The Commonwealth Bank recently published its latest Household Spending Insights (HIS) index, revealing spending fell in five of the 12 underlying categories included in the assessment.
CBA reported weaker spending in the month of September across recreation, utilities, health, household goods, and household services.
Annual spending growth fell from a peak of 18.7 per cent in August 2022 to just 1.8 per cent.
The latest retail sales data from the Australian Bureau of Statistics (ABS) also confirmed a sustained dip in consumer spending.
Retail sales grew 0.2 per cent in August, below market expectations of a 0.3 per cent rise and following a 0.5 per cent pick-up in July and a 0.8 per cent spike in June.
According to Paul Bloxham, HSBC chief economist, Australia, New Zealand and global commodities, the “consumer squeeze” would likely continue for the foreseeable future.
He reflected on the raft of disruptions which have undermined household confidence in recent years.
“For some time now, we have been describing the Australian consumer picture as complicated,” he said.
“Much of the complication is due to the disruptive impact of the pandemic and the policy response to it on spending patterns and saving behaviour.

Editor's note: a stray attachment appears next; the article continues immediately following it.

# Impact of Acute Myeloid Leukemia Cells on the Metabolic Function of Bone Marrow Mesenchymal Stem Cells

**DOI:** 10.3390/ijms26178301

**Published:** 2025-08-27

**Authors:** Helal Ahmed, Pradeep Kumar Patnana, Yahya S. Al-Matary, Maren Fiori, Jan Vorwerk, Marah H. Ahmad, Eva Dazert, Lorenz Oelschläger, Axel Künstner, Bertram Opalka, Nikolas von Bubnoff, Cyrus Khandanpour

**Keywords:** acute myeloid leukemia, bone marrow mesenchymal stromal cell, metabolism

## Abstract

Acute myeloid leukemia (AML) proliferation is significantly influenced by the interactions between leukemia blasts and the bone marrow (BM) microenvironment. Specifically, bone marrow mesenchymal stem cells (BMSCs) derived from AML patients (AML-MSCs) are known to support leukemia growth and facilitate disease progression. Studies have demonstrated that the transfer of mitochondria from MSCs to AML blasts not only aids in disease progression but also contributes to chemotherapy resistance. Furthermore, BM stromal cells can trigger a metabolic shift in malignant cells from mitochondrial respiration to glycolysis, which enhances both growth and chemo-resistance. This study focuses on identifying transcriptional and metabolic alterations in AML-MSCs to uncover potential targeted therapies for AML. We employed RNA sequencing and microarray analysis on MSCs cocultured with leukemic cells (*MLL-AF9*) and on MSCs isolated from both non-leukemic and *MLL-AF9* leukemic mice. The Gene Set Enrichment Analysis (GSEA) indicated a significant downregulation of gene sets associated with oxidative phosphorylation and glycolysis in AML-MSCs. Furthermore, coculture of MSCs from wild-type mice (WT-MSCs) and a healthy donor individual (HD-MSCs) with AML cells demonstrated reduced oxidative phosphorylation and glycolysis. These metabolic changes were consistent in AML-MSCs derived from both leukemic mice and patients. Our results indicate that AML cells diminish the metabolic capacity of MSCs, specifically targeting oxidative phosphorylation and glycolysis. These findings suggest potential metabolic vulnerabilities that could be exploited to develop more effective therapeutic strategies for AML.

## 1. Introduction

“Additional disruptions have been driven by the unusual effects of multi-decade high inflation, the RBA’s rapid and substantial monetary tightening, and a closed and then reopened border, which stalled and then boosted the migrant intake and population growth.”
But going forward, household spending behaviour would be constrained by “sticky” inflation, the lag effects of an aggressive monetary policy tightening cycle from the Reserve Bank of Australia (RBA), and higher indirect taxes.
According to Mr Bloxham, these headwinds would return consumption levels to pre-COVID-19 norms.
“Spending on services has returned to close to its pre-pandemic trend in volumes, although it has slowed recently, at still a touch below the previous trend,” he observed.
“Spending on goods has fallen in volume terms, led by declining spending on household goods. However, spending at cafes and restaurants and on clothing is still well above pre-pandemic trends, while international travel is lower.
“…Higher interest rates are weighing on mortgage holder incomes and spending, and the effect is, unsurprisingly, larger at the lower end of income distribution. Households have cut back on discretionary spending, and a small but rising proportion of mortgage holders are unable to meet essential expenses and needing to draw down savings.”
He said continued tightness in the labour market, rising residential property prices, and accumulated excess savings have helped offset pressures on household balance sheets.
But ultimately, Mr Bloxham said he anticipates a “sustained period of below trend consumption growth”, as the economy makes slow progress towards the 2–3 per cent inflation target.
The RBA does not expect to achieve its 2–3 per cent inflation objective until 2025.